Alexandre Prévot

As Piketty wrote, “the inescapable reality is this; wealth is so concentrated that a large segment of society is virtually unaware of its existence, so that some people imagine that it belongs to surreal or mysterious entities.”[1] So far from the playing field of opportunity and economic advantage being slighted tilted, it is grotesquely unbalanced, fantastically biased. The ultra-rich are therefore a distinct class, or almost a sub-species of human, and can appear to be threatened by the mass of “normal” humanity. I remember being driven in a limousine, and observing a young American woman begging by a traffic light, on a cold and snowy day; my host referred to her as “trash”.  I have seen similar scenes in Johannesburg (where beggars can be black or white) and elsewhere in the world.

Because wealth has become the defining attribute in our global culture the ultra-wealthy are by definition special, their wealth is a talisman, and in effect we have created an apartheid society, with the ultra-wealthy being apart from the rest of us. Glimpsed occasionally in Monaco and Cannes, as they come ashore from their super-yachts.yacht_lady_moura_in_monaco-public-domain

Figure 1 Lady Moura at Monaco 2005, photo by Berthold Werner[2]

The point of these observations is not to produce a polemic, ranting about inequality, but to highlight two related consequences, firstly ultra-wealth gives huge political and social power in our societies, and secondly when under pressure many of the ultra-wealthy will consider that there will be a mechanism which will exclude them from the consequences of global problems, because many have never faced a problem that they could not buy their way out of. This shows itself in a number of ways, including the interest in the ultra-wealthy in buying boltholes with private airstrips in countries like New Zealand[3]. Such solutions, which may appear achievable for the ultra-rich, may not offer any benefits for the rest of humanity. In fact, the power of the ultra-rich may result in decisions being made which are incompatible with the best interests of humanity as a whole.

Some ultra-rich individuals have also expressed an interest in geoengineering. Jane Long, director at large for the Lawrence Livermore National Laboratory, said “We will need to protect ourselves from vested interests [and] be sure that choices are not influenced by parties who might make significant amounts of money through a choice to modify climate, especially using proprietary intellectual property.”[4]

It has ever been argued that the interests of elites, which run counter to the interests of society as a whole, have in the past been a factor in the collapse of some societies. Coffee argued that “It can reasonably be inferred …. that, whatever other demographic reason, or however exhausted the Maya soil became, intra-elite as well as inter-elite conflict played an important role in the demise of Maya city-states.”[5] Diamond also suggested that one of the reasons for the failure of the Norse colonies in Greenland was “a conflict between the short-term interests of those in power, and the long-term interests of the society as a whole.”[6] He added, regarding the Norse Greenland elites, “That the last right they obtained for themselves was the privilege of being the last to starve.”[7]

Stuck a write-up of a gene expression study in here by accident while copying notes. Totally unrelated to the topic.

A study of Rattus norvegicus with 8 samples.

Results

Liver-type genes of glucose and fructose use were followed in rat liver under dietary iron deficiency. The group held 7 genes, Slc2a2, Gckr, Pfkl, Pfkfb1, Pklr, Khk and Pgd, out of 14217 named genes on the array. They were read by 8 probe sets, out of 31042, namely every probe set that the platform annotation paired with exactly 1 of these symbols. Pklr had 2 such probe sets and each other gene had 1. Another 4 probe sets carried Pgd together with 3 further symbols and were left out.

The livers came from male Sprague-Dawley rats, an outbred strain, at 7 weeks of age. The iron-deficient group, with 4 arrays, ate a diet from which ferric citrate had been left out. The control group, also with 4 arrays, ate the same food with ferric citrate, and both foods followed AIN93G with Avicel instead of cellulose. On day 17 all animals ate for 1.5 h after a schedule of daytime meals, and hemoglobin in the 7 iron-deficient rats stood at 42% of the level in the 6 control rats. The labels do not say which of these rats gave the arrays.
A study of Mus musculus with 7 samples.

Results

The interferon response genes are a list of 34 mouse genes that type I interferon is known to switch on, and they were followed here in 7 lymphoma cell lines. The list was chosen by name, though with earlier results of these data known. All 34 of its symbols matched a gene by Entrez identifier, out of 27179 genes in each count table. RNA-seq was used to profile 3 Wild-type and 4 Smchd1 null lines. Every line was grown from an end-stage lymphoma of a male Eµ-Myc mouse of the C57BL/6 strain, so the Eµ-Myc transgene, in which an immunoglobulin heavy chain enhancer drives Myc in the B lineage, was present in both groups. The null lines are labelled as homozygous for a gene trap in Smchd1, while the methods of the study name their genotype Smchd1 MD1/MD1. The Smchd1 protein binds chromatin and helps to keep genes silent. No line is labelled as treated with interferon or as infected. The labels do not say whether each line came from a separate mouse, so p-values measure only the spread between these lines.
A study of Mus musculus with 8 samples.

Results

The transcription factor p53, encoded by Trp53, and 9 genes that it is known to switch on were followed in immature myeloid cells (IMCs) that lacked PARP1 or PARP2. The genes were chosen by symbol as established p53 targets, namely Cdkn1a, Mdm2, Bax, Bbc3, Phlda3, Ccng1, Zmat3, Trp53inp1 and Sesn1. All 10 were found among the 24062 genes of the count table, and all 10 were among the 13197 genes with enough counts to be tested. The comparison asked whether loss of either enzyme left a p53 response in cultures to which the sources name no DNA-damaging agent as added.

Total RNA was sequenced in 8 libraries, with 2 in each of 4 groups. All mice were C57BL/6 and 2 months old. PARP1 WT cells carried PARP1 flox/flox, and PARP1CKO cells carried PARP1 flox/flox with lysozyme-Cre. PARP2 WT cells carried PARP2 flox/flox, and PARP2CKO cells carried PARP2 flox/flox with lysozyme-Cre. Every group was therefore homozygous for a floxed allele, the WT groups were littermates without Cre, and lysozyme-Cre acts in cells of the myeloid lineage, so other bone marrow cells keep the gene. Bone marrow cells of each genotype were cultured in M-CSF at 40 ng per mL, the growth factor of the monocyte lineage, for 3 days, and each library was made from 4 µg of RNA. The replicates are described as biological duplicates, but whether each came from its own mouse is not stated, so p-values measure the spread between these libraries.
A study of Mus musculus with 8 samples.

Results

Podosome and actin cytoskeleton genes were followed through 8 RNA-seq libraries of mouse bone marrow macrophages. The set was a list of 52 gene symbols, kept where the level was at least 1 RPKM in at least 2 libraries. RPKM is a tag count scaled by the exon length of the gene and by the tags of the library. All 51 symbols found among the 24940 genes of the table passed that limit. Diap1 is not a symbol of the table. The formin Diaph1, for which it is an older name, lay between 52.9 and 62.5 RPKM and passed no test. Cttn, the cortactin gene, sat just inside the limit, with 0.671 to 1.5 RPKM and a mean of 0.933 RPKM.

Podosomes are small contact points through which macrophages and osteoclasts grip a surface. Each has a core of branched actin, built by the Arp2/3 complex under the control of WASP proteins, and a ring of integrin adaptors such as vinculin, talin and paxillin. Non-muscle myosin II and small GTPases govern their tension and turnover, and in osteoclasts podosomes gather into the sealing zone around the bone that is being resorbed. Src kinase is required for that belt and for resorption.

© Andrew Palmer 2016, do not reproduce.

Rolls Royce photograph by Alexandre Prévot

[1] Piketty, Thomas – p.259

[2] Public Domain photograph. Lady Moura, 344 feet long by 62 feet wide, is one of the largest and most expensive yachts in the world. It boasts a spa, private casino, entertainment areas, fully equipped operating room and a heliport. Owned by Dr. Nasser al Rashid, valued at $210 million. In 2009 his fortune was valued at $8 billion (Robert Frank –“The Five Richest Saudis”, Wall Street Journal, 31 August, 2009)

[3] Keating, Fiona – “Super-rich hedge fund managers buying boltholes with private airstrips in case of revolution”, International Business Times, 26 January 2015,

[4]  quoted by  Vidal, John – “Bill Gates backs climate scientists lobbying for large-scale geoengineering’, The Guardian, 6 February 2012

[5] Yoffee, Norman – “Maya Elite Interaction: Through a glass, sideways”, in Classic Maya Political History: Hieroglyphic and Archaeological Evidence – T Patrick Culbert, Cambridge University Press, Cambridge, 1996, p. 305

[6] Diamond, Jared – “Collapse, How Societies Choose to Fail or Succeed”, Viking, London, 2005, p.276

[7] Diamond, Jared – “Collapse, How Societies Choose to Fail or Succeed”, Viking, London, 2005, p.276

About Andrew Palmer (275 Articles)
Book by Andrew Palmer explores today's fundamental & systemic problems of the world. Proposes a framework for understanding the forces that are driving change.